The Case Of The Stumbling Block
R. Meir states (Kiddushin 54b) that ma’aser sheni is considered Divine property because of its sanctity. Rav Assi on our daf asserts that according to R. Meir, one cannot fulfill the mitzvah of eating matzah on the Seder night with matzos made from ma’aser sheni grain. A gezeirah shavah of “lechem, lechem” teaches that the matzos must be “lachem – yours” and ma’aser sheni is not “yours.” It’s Divine property.
The halacha follows the Sages who disagree with R. Meir and maintain that ma’aser sheni is the owner’s property. Consequently, a person may in fact use matzah made of ma’aser sheni grain to fulfill the mitzvah of eating matzah on the Seder night.
Two Sins and an Unfulfilled Obligation
The Rosh (siman 18) points out that although the Sages permit matzah of ma’aser sheni, they agree with the Gemara’s derashah that matzah must be “lachem.” Consequently, the Rosh submits that stolen matzah is invalid for the mitzvah because it is not “lachem”; it legally belongs to its original owner. According to the Rambam (Hilchos Chametz U’Matzah 6:7), eating this matzah would be a “mitzvah haba’a b’aveirah,” and the mitzvah is not fulfilled in such a situation.
A Simple Declaration
If several people simultaneously use the same oven for baking matzos and the matzos get mixed up, the matzos one eats at the seder lack the status of “lachem.” Raabad (cited by Rabbenu Manoach to Rambam’s Chametz U’Matzah 6:7) therefore advises people who bake together to declare, “My matzos belong to whoever happens to take them.” By making this declaration, everyone will legally own whichever matzos he takes home.
Know Your Payment Terms: It Really Matters
The Mishnah Berurah (Orach Chayim 444:15) states that if a merchant demands immediate payment, the buyer person does not acquire legal possession of the matzos until he pays. Therefore, if he delays paying until after Yom Tov, he has not fulfilled the mitzvah because the matzos were not legally his.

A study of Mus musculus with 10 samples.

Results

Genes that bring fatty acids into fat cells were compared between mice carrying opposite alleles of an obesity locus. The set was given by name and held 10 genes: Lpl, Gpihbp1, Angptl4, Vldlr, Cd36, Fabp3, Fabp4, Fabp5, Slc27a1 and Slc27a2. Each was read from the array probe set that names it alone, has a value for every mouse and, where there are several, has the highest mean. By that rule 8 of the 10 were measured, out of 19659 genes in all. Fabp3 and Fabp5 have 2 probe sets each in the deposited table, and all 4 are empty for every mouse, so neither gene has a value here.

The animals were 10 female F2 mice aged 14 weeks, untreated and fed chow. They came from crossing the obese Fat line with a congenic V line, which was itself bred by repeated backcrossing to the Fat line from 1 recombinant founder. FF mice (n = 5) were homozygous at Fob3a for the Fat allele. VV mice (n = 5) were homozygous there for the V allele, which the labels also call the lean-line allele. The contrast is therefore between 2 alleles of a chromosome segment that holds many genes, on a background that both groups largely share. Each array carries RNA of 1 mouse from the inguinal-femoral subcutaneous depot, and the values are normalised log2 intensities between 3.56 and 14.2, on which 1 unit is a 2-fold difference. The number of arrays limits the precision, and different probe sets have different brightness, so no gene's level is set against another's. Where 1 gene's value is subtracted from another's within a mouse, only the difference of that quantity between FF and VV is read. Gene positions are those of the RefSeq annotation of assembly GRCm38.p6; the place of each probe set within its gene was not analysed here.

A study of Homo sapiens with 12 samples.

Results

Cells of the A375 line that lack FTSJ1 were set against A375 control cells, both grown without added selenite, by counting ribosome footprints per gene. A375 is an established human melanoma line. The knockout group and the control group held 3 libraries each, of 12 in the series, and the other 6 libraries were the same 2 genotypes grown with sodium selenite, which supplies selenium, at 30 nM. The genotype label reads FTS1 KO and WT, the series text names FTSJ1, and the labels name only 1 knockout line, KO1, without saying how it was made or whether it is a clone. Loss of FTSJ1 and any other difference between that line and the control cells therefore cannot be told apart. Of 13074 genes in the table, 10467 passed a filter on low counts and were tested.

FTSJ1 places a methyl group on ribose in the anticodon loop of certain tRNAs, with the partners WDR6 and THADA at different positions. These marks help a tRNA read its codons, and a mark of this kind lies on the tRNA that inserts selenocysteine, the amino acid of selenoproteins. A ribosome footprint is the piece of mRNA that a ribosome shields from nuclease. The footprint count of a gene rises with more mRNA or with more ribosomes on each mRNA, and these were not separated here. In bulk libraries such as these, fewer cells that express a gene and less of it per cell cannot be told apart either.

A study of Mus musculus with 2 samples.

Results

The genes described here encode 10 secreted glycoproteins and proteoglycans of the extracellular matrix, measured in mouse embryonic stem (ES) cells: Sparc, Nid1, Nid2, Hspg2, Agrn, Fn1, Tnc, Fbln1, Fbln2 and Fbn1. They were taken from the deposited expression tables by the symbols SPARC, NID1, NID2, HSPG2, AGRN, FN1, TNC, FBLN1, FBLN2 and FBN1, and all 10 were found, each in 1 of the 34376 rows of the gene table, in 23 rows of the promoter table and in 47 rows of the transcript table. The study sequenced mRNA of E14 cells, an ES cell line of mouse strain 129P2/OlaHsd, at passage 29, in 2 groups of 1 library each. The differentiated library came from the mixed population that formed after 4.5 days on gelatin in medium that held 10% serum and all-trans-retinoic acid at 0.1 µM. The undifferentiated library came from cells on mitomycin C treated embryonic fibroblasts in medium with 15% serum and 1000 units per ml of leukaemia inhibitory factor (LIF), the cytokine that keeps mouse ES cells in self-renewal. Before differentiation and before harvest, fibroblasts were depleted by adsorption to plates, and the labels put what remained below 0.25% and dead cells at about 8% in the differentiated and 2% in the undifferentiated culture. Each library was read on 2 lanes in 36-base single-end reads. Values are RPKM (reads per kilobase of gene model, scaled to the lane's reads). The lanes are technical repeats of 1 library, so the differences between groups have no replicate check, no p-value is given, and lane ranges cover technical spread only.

Another Type of Theft and an Unfulfilled Obligation
The Gemara (Berachos 35b) states that eating food without reciting a berachah is akin to stealing from Hashem who created the food and from the community of Israel (who are deprived of the blessings that the recital of a berachah provides their crops – Rashi). Based on this, the Elef Lecha Shlomo (siman 381) asserts that if a person fails to recite ha’motzi before eating matzah at the Seder, he is akin to someone who eats stolen matzah and is required to eat additional matzah (with a berachah).
A Guest Who Does Not Recite a Blessing
HaRav Moshe Feinstein (Igros Moshe vol. 5, 13:8-9) and HaRav Shlomo Auerbach (Minchas Shlomo siman 35) discuss the problem of serving a guest who does not make berachos. The host may be violating lifnei iver – “Do not place a stumbling block before one who is blind” (Leviticus 19:14). The Mechaber (Orach Chayim 169:2), in fact, specifically prohibits giving food to someone who won’t utter a blessing.
Both HaRav Feinstein and HaRav Auerbach, however, argue that there is room for leniency regarding a “tinok shenishba,” one who is ignorant of the laws due to lack of proper training.
Transfer of Ownership
The Sefas Emes (Sukkah 35a) states that a host who provides matzos for his guests at the Seder should explicitly transfer ownership of the matzos to them so that they legally own the matzah they eat. (Rav Moshe Sternbuch, in Responsa Teshuvos VeHanhagos vol. 2, Orach Chayim 240, cites the Shevet Sofer, who advised similarly in his Shabbos Hagadol derasha.) The Sefas Emes concedes, however, that the prevailing custom is not to do so. He suggests that perhaps the populace relies on the teaching that one may perhaps accomplish the mitzvah with matzah she’ula, borrowed matzah, since the lender wishes to aid the borrower in accomplishing the mitzvah – similar to betrothal with a borrowed ring, which the Rosh permits.
In our case, serving matzah might, in effect, be a form of transferring ownership even though there is no explicit statement made to that end. With the transfer of ownership, the problem of lifnei iver is softened somewhat as the matzah the guest eats is now his and not the host’s. However, we still must reckon with the host having “aided and abetted” the sin of not saying a blessing over food by giving the guest the matzah in the first place.